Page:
New housing starts are forecast to reach 190,000 nationwide in 2014/2015, according to leading industry analyst and economic forecaster,
According to its Building in Australia 2014-2029 report, this is record-breaking recovery in home building which will run for another two years and continue tilting the Australian lifestyle toward apartment living.
"In the next two years we’ll also see the recent emphasis on high-rise units continue. Currently two high-rise apartments are being built for every five detached houses, which is double the historical rate of one apartment for every five houses built," said Dr Kim Hawtrey, Associate Director with BIS Shrapnel.
In the latest forecasts, pent-up demand from recent strong population growth – coupled with the lowest interest rates in 50 years – is generating a record-breaking home building outlook for 2014/2015 that will maintain its momentum into 2015/16.
Building activity, especially home construction, is responding to low mortgage rates which are unlocking pent up demand.
Pent up demand derives from population growth, a key driver of residential construction.
Australia’s population is growing at a rapid 1.7 per cent per annum, which is among the fastest in the developed world. This is translating into strong demand for new dwellings.
Based on BIS Shrapnel assumptions about household formation per thousand head of population, the Building in Australia report estimates the national dwelling stock deficiency is currently around 100,000 dwellings.
”We estimate that it will take the next five years to eliminate the unmet demand for housing. We therefore do not see this housing shortfall closing until 2018,” said Dr Hawtrey.
This remains true despite expected national population growth slowing from its recent highs to just 1.18 per cent by 2017/2018 as net overseas migration falls back from its peak.
”Investors and upgraders/downsizers are driving demand in this cycle,” said Dr Hawtrey.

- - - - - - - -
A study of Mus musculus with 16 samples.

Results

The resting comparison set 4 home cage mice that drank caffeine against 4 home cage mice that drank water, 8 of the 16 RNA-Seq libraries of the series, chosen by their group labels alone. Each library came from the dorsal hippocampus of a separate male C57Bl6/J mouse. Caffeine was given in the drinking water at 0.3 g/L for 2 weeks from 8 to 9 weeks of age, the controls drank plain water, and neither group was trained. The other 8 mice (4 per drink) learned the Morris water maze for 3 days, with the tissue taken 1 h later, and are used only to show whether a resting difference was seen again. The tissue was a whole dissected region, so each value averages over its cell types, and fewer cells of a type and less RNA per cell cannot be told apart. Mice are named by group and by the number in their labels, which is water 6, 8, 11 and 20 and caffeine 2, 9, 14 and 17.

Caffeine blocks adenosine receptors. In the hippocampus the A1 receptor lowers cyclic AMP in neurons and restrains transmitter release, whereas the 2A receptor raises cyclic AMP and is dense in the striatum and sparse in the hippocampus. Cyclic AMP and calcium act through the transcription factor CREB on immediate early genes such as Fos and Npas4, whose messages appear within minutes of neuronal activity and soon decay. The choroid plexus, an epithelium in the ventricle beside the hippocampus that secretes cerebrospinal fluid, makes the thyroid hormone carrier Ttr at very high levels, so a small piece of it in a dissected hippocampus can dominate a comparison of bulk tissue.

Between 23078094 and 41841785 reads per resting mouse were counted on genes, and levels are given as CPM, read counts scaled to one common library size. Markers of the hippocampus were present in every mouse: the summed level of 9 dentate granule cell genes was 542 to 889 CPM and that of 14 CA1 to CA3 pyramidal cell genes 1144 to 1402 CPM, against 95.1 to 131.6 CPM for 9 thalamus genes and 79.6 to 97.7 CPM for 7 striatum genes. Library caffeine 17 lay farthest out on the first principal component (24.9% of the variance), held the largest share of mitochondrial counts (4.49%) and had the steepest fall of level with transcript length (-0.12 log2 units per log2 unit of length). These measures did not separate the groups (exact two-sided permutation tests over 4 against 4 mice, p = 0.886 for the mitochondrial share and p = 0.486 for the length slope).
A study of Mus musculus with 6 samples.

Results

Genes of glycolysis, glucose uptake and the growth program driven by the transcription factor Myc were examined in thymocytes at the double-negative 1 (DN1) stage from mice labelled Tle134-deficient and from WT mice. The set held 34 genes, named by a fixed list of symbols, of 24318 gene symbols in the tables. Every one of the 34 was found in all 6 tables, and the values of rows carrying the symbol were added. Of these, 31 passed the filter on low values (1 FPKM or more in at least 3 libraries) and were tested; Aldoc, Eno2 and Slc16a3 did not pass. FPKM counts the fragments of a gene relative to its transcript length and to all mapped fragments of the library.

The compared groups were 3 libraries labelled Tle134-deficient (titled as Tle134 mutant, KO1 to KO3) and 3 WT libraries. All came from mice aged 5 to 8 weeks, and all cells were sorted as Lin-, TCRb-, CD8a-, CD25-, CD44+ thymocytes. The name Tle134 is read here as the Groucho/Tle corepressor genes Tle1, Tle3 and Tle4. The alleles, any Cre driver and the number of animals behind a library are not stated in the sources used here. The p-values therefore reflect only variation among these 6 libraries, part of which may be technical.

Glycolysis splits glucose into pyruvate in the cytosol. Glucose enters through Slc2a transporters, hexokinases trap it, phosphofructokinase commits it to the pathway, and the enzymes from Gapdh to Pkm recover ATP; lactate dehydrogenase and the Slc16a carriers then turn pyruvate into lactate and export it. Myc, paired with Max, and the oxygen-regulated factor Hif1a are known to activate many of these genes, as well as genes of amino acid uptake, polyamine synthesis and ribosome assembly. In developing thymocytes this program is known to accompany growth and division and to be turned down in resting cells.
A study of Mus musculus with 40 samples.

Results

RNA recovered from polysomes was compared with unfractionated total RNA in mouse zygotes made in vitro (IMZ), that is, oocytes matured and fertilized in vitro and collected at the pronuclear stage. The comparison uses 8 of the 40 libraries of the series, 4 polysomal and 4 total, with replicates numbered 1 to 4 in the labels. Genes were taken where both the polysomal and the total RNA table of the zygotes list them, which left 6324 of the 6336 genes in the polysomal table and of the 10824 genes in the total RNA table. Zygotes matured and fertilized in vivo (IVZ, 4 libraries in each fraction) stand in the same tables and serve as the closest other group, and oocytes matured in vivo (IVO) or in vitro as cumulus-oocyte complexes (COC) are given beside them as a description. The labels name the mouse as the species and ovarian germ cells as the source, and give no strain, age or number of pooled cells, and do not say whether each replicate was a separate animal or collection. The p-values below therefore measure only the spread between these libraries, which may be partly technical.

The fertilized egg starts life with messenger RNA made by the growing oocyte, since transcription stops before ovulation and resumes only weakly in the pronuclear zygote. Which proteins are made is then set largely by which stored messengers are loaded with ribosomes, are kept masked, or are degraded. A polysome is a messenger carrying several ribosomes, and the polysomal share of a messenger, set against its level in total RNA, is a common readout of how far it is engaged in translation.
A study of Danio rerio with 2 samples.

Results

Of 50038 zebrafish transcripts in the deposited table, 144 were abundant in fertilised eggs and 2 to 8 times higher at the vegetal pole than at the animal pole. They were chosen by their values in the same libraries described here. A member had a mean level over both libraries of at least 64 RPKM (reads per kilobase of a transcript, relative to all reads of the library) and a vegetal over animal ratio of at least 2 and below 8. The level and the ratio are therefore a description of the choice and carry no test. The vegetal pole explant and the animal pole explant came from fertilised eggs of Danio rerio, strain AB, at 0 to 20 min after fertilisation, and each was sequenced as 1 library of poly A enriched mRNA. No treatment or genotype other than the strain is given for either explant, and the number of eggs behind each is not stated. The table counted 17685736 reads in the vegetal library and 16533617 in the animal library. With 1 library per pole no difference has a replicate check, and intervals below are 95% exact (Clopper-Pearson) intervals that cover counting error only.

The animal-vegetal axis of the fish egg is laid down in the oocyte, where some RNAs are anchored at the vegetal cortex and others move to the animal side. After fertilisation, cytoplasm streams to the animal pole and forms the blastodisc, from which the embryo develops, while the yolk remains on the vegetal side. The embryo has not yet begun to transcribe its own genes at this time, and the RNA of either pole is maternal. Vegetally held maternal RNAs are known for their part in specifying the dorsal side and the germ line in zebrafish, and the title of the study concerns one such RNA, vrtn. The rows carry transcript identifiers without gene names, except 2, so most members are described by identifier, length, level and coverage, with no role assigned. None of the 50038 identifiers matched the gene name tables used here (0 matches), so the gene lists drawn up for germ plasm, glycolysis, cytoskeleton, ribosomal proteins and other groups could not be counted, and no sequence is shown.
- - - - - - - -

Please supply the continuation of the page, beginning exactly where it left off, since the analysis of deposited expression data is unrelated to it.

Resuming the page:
“First home buyers are still largely on the sidelines.”
Importantly, the residential recovery is now spreading, moving beyond high-rise apartments to include detached houses, and beyond the major cities to incorporate regional areas.
Nationally, the forecaster sees private sector detached house starts growing by eight per cent in 2014/2015.
”However, the improved conditions are yet to either stimulate significant gains in alterations and additions activity, or gather up first home buyers, and these segments of the market remain a concern,” said Dr Hawtrey.
According to the report, the outlook for residential building housing starts are estimated to have already grown by 14 per cent in 2013/2014 to a healthy annual total of 184,350 commencements.
This compares with a recent trough of only 145,300 starts just two years ago, in 2011/2012.
BIS Shrapnel sees commencements picking up further in 2014/2015 to around 190,000 starts by June 2015.
While this will mark the peak of the cycle in growth terms, the level of housing construction will remain high in 2015/2016 with 186,850 commencements predicted, and 2016/2017 will see activity still buoyant with an expected 168,600 dwelling commencements.
According to Bis Shrapnel, the major states will see the following residential building outlook.
Momentum is strong in New South Wales in particular with 9 per cent growth in housing starts forecast for 2014/2015, with Queensland also in a growth upswing by 3 per cent.
The improvement in these eastern states reflects strengthening local economies and underlying pressure from mounting stock deficiencies.
Recovery is being aided by strong investor demand especially in Sydney.
Victoria has been over-building relative to demand and is expected to see a local slowdown due to oversupply, but not for another 12 months or so.
Strong investor demand for Melbourne property – including from overseas investors – is helping to prolong the market there.
However, Victoria will begin a sharp contraction by 2015/2016, an inevitable correction following several record years of phenomenal home building in the state.
Until recently, Western Australia had been riding on momentum from the mining boom, but that is now turning and the state is forecast to record a fall of five per cent in housing starts in 2014/2015.
Following an impressive overall national performance in home building during 2014/2015 and 2015/2016, natural cyclical factors will then lead to a correction in the cycle during 2016/2017 which will decrease by 10 per cent and in 2017/2018 when it will decrease by 12 per cent.
Growth in housing starts will resume in 2018/2019.